Franz Boas: Biography, Theory & Contributions

Franz Boas: Biography, Theory & Contributions
  • 0:53 Biography
  • 1:42 Theory
  • 2:25 Contributions
  • 4:12 Lesson Summary
Instructor: Gaines Arnold
Anthropology has taught modern people a lot about cultures, but who most added to 20th-century thought on anthropology? This lesson looks at Franz Boas, his contributions to anthropology and his theory of cultural relativism.

Opposing Views of Cultures

The study of culture is an important bridge from individualistic thought to pluralistic thought. Unfortunately, the predominant view in the Western world prior to the twentieth century was that Western culture was superior to all other cultures. If Western culture is superior, then its propagation to the exclusion of other cultures is supposedly morally justifiable.

However, one researcher tried to change how culture was viewed by the West. Franz Boas earned a PhD in physics from the University of Kiel in Germany with a minor in geography, but his lifelong passion became anthropology. He worked to produce a scientific understanding of peoples that would dispel the notion that any culture was superior to another. His lifelong work gained him the title Father of American Anthropology.


Boas was born in Minden, Germany in 1858. He was the son of Jewish parents who were uninterested in both the dogma of their religion and of scientific thought. Thus, young Franz was taught to think for himself.

By the time he was 16 he had completed his secondary education and entered university. He studied at Heidelberg, Bonn, and Kiel where he finally finished his PhD in physics. However, his interests would lead him into a different field.

After completing college, Boas took a trip with a group of explorers to the remote Baffin Island in Northern Canada. Although the purpose of the trip was geographical in nature, Boas became fascinated with the Inuit people who inhabited the island. He made several trips to British Columbia and other parts of the Pacific Northwest, gaining data and knowledge of Canada's First Nations people with every trip.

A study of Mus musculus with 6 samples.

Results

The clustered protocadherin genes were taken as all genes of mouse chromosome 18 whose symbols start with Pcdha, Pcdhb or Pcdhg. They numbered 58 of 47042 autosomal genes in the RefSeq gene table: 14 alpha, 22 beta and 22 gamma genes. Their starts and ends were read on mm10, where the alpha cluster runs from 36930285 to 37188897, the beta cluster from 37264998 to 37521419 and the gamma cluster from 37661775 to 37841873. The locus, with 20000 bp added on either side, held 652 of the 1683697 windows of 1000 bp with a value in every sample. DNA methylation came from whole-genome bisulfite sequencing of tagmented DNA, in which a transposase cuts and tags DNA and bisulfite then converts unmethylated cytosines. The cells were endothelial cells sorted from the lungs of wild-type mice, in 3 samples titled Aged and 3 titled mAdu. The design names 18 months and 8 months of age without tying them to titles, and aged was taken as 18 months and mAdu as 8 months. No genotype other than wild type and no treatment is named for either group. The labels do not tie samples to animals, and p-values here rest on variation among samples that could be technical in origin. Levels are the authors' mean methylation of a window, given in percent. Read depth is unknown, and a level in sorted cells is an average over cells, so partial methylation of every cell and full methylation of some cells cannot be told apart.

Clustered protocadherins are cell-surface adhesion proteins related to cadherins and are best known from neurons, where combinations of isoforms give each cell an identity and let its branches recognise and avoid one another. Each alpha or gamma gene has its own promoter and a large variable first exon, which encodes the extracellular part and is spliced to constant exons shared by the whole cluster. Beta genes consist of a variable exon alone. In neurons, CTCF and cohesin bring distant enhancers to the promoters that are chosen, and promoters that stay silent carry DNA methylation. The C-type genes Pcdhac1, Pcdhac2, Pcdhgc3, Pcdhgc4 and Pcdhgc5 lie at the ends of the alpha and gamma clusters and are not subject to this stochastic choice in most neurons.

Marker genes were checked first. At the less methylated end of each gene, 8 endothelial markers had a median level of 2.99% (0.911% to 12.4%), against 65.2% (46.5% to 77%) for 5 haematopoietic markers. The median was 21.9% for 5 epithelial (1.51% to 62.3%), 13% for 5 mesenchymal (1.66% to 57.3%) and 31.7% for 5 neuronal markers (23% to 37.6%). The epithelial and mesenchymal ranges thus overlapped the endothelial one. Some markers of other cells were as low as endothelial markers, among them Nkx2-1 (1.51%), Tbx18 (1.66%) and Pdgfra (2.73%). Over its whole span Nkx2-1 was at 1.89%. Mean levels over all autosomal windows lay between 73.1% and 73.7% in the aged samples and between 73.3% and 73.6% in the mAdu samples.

The study of indigenous people led Boas to a discovery that was revolutionary at the time. Many Western scientists at the time held the view that Western culture was inherently superior to other cultures. Based on this belief and his studies among the First Nations people, Boas made a discovery.

He found that all people believe the culture they occupy is superior to others. This led him to define the theory of cultural relativism, which says that the only culture an individual truly knows is that individual's own culture. This theory made the prevailing Western thought make sense, but it also elevated other cultures in the eyes of those in the West because they understood their bias.


Boas' work with native tribes in Canada produced what is considered his greatest theory, but he made other significant contributions to the study of anthropology. He was a man ahead of his time, and his thinking influenced many people.

He moved to the US in 1888 and began teaching at Clark University in Worcester, Massachusetts. He also collected data from different Native American tribes. In addressing the racial divide in the U.S., he was the first prominent scientist to write that Caucasians, Africans and Asians are effectively the same biologically. He hoped to change people's minds and help them understand the beauty of diversity.